Wednesday’s data was unable to give investors a reason to buy the British Pound to Canadian Dollar (GBP/CAD) exchange rate, so despite market anticipation for the Bank of England (BoE) decision on Thursday the pair has continued to trend below the week’s opening levels, partially thanks to strong Canadian data on Tuesday.
Various factors have left the Canadian Dollar more appealing lately and GBP/CAD slumped from 1.7259 to 1.7107 last week. This week so far, GBP/CAD briefly attempted to rise before falling again and hitting a six-month-low of 1.7057 on Wednesday – the pair’s lowest level since January. At the time of writing, GBP/CAD trended in the region of 1.7077.
GBP Lacks Fresh Support as Investors Anticipate Bank of England (BoE) Decision
Recent UK data has given investors little reason to be bullish on the Pound amid broad Brexit uncertainties, and bets that the Bank of England (BoE) will hike UK interest rates in its policy decision on Thursday aren’t making the Pound more appealing either.
The bank is expected to make its first UK interest rate hike of 2018 on Thursday, but with the possibility of a worst-case scenario ‘no deal’ Brexit still weighing on markets, investors still aren’t hugely eager to buy the Pound.
As a result, this week’s underwhelming UK data has done little to reassure investors about Britain’s economic outlook or make the Pound more appealing.
Monday saw the publication of Britain’s mortgage lending and approvals data. Lending fell short of forecasts but approvals beat expectations. This was followed on Tuesday by GfK’s July UK consumer confidence survey data, which unexpectedly worsened from -9 to -10.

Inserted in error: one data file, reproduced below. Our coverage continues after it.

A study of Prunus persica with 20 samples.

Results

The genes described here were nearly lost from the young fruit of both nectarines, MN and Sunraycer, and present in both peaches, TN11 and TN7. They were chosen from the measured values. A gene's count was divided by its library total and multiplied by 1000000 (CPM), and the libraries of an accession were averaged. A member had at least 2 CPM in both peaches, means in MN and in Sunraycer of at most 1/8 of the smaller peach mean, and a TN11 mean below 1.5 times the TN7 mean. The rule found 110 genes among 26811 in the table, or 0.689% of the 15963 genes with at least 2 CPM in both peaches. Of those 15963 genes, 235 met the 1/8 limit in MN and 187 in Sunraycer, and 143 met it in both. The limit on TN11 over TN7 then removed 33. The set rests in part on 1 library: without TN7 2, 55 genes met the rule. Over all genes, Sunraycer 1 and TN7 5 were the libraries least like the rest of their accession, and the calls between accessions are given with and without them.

Then on Wednesday, Britain’s July manufacturing PMI from Markit was published.
It came in lower than expected, sliding from 54.3 to 54.0 rather than the forecast 54.2. This indicated that British factory work was more subdued than expected – and analysts expect more weakness is likely in the coming months.
However, economists noted that while it gave the BoE more reason to leave rates frozen this week if desired, there was no real reason to believe it would dissuade a rate hike completely. According to James Smith from ING Bank:
‘Having said all of that, today’s slip in the PMI is unlikely to faze Bank of England policymakers ahead of tomorrow’s decision. Representing around 10% of output, manufacturing is a relatively small part of the UK growth mix. Importantly, the recent data flow – particularly in the much larger service sector – has largely backed up the Bank’s view that the economy has regained poise after the weak first quarter.
For that reason, we think the Bank of England will increase interest rates this week. But the key thing to watch is what the Bank has to say on its next steps.’
CAD Remains Appealing Following Tuesday’s Growth Results
The Canadian Dollar outlook has been increasingly bullish over the past month, despite broad market concerns about US trade protectionism and the potential of a full blown global trade war.
This has been due to signs indicating a more hawkish path for the Bank of Canada’s (BoC) monetary policy outlook, such as stronger Canadian data.
Trade concerns have even been eased slightly for Canadian Dollar investors, as leaders in Mexico are becoming more optimistic about the possibility of a deal being reached on North American Free Trade Agreement (NAFTA) renegotiations.
Tuesday’s Canadian Gross Domestic Product (GDP) data from May beat forecasts, indicating that Canada’s economy was stronger than expected despite trade concerns.
This kept the Canadian Dollar appealing even after some underwhelming despite some underwhelming manufacturing PMI data from July on Wednesday.
GBP/CAD Forecast: Bank of England Decision and Trade Balance Report Ahead
The Pound to Canadian Dollar exchange rate may remain near its worst levels in months if the Bank of England (BoE) doesn’t do anything to make the Pound more appealing on Thursday.
However, unless the bank hikes UK interest rates and hints that further rate hikes are on the way between now and early-2019, the Pound is likely to remain relatively limp instead.
This would leave the Pound to Canadian Dollar exchange rate reacting to upcoming data, or developments in the global trade outlook instead.
Friday will see the publication of Britain’s key services PMI from July, as well as Canada’s July’s trade balance results.
Any news regarding US trade protectionism or developments in NAFTA talks could also influence the Pound to Canadian Dollar exchange rate in the coming days.